Every year near Halloween, I make a pilgrimage to Universal Studios Orlando for their annual Halloween Horror Nights. Much more than your standard haunted house experience, the intoxicating and gory event frightens by using all of the senses to transport you to specific times and places. Well-trained actors jump at you from dark corners and from behind objects in unexpected ways. This past year, I was able to walk through The Walking Dead’s Woodbury, the English moors of An American Werewolf in London, and the titular cabin from Cabin in the Woods. Each experience feels brilliantly authentic… and scary as hell.

That’s what it feels like to watch Showtime’s new series Penny Dreadful.


Written by John Logan (The Aviator, Hugo, and the upcoming Jersey Boys) and designed as a tight 8-episode series, Penny Dreadful initially features aristocrat Sir Malcolm Murray (Timothy Dalton), seer Vanessa Ives (Eva Green), and American gunslinger Ethan Chandler (Josh Hartnett) as lost souls uniting to find Murray’s missing daughter. If you know your Victorian literature, then you’ll recognize at least one famous last name. Logan has a passion for literature of the period (the title refers to the lurid serials of the 19th century), and he weaves together new and classic characters deftly.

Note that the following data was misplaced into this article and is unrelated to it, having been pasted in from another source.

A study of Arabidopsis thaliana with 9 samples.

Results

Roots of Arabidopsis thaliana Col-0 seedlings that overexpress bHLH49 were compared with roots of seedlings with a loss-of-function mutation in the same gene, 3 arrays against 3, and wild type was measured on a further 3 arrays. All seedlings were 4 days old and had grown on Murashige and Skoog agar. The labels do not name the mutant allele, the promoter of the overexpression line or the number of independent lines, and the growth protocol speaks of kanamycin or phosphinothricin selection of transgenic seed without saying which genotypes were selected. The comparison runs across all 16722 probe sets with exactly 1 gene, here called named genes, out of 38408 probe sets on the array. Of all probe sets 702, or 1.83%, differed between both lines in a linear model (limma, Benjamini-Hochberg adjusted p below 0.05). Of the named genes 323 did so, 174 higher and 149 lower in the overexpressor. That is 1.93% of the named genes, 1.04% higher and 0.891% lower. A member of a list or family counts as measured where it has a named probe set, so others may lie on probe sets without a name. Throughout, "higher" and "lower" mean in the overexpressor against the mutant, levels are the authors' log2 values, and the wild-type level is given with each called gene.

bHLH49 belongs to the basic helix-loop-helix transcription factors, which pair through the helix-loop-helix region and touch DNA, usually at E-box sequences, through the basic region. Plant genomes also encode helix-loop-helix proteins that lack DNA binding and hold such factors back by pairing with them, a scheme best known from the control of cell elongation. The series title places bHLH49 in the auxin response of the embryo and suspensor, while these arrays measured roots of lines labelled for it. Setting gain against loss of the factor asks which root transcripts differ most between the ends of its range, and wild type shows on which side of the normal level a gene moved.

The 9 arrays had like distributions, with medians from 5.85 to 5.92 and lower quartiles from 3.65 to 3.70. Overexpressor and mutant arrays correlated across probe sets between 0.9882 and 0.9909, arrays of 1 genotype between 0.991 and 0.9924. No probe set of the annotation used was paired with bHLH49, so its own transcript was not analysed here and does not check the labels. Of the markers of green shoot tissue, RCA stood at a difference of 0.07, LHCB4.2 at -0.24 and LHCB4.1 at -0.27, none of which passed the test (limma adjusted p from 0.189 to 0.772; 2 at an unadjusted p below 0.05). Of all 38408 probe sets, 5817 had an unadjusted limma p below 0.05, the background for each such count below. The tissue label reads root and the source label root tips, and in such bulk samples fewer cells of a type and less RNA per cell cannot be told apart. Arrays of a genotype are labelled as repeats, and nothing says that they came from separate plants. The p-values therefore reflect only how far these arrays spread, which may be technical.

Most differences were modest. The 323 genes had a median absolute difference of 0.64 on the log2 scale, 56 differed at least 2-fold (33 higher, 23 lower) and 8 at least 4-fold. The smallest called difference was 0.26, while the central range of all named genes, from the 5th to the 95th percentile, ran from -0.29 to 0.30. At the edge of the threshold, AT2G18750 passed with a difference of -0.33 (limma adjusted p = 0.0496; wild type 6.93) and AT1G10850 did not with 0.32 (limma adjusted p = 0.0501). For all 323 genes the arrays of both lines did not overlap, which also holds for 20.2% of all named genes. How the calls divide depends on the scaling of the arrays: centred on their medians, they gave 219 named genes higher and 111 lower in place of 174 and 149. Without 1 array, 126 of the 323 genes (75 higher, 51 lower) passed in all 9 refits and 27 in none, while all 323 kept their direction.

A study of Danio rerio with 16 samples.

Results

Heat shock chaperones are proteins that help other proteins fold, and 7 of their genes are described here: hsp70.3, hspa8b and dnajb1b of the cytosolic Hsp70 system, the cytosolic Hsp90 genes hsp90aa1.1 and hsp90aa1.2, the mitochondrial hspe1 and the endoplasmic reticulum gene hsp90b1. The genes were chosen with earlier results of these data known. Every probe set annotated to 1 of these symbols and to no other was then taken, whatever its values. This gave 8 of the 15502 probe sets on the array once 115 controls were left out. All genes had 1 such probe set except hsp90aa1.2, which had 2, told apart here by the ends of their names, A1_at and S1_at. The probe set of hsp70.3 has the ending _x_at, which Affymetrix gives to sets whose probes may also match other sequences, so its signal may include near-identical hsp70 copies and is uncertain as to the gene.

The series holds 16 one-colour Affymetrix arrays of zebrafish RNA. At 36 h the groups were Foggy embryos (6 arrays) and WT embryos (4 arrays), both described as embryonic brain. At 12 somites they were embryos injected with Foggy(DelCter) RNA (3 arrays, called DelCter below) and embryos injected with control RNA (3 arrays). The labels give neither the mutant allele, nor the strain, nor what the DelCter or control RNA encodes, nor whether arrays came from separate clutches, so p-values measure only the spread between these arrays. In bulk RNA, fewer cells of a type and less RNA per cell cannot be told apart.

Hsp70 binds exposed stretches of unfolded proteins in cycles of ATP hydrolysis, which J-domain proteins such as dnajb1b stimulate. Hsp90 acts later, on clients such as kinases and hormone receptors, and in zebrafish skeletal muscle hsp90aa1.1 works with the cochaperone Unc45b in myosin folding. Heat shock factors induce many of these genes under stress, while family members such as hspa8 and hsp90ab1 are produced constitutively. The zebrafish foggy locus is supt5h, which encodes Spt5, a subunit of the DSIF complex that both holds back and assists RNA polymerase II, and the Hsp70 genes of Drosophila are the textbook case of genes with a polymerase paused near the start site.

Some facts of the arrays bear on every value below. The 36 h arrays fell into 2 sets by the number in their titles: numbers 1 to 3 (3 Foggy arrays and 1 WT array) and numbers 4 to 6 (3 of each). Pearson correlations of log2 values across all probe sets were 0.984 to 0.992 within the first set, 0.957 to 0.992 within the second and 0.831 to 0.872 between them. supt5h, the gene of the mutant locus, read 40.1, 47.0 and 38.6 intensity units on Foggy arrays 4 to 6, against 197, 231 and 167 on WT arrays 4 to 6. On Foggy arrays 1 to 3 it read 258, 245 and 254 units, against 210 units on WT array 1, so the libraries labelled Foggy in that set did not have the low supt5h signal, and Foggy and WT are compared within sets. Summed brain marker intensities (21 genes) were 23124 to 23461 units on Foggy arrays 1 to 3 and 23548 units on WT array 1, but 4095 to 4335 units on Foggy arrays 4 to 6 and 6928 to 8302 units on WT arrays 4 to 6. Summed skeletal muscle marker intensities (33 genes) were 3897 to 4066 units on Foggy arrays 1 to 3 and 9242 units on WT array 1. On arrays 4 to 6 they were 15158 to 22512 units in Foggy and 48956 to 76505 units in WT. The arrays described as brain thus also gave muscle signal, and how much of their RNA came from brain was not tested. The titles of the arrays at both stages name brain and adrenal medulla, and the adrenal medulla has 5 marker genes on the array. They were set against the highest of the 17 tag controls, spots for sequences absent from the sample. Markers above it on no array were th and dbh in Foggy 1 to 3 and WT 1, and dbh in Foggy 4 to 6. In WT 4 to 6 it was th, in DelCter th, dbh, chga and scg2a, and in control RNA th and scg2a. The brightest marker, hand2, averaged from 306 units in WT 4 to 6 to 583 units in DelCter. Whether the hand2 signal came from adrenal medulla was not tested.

The actors are all fine, but their purpose is to serve Logan’s intricately plotted story. The pilot establishes the basic threads, but, at the episode’s end, you’re left feeling the story is going to exponentially grow with each episode. The British actors seem born to this material, but I do surprisingly applaud Hartnett’s restrained and mannered performance. He won’t win any awards, but he exudes the right mixture of American bravado masking inner insecurities.

Admittedly, I am a sucker for material of this type. I have loved two seasons of American Horror Story, and I painfully endured all 10 episodes of Hemlock Grove. Penny Dreadful is the real thing, though, thanks to Logan’s top-notch storytelling and the incredible visuals that feel inspired by art in the greatest of graphic novels. One scene that springs to mind is a classic usage of lighting to reveal a character’s face but shield his eyes in shadows in almost a painterly manner.

My biggest complaint with the series so far (granted, I’m only one episode in) is that it doesn’t air on Netflix where I could binge-watch it. I want to consume the show in mass quantities, revel in its secrets, and imagine myself strolling gingerly down its foggy, perilous streets.

The fact that it so clearly left me wanted more is a very good sign. I’ll leave it to you to discover its secrets all on your own.

Penny Dreadful debuts Sunday, May 11 on Showtime.


Clarence Moye firmly believes that there is no such thing as too much Film or TV. He looks down on those who eschew pop culture. He also believes you can buy happiness. Despite his aversion to both the Internet and people, you can follow him on Twitter @chmoye.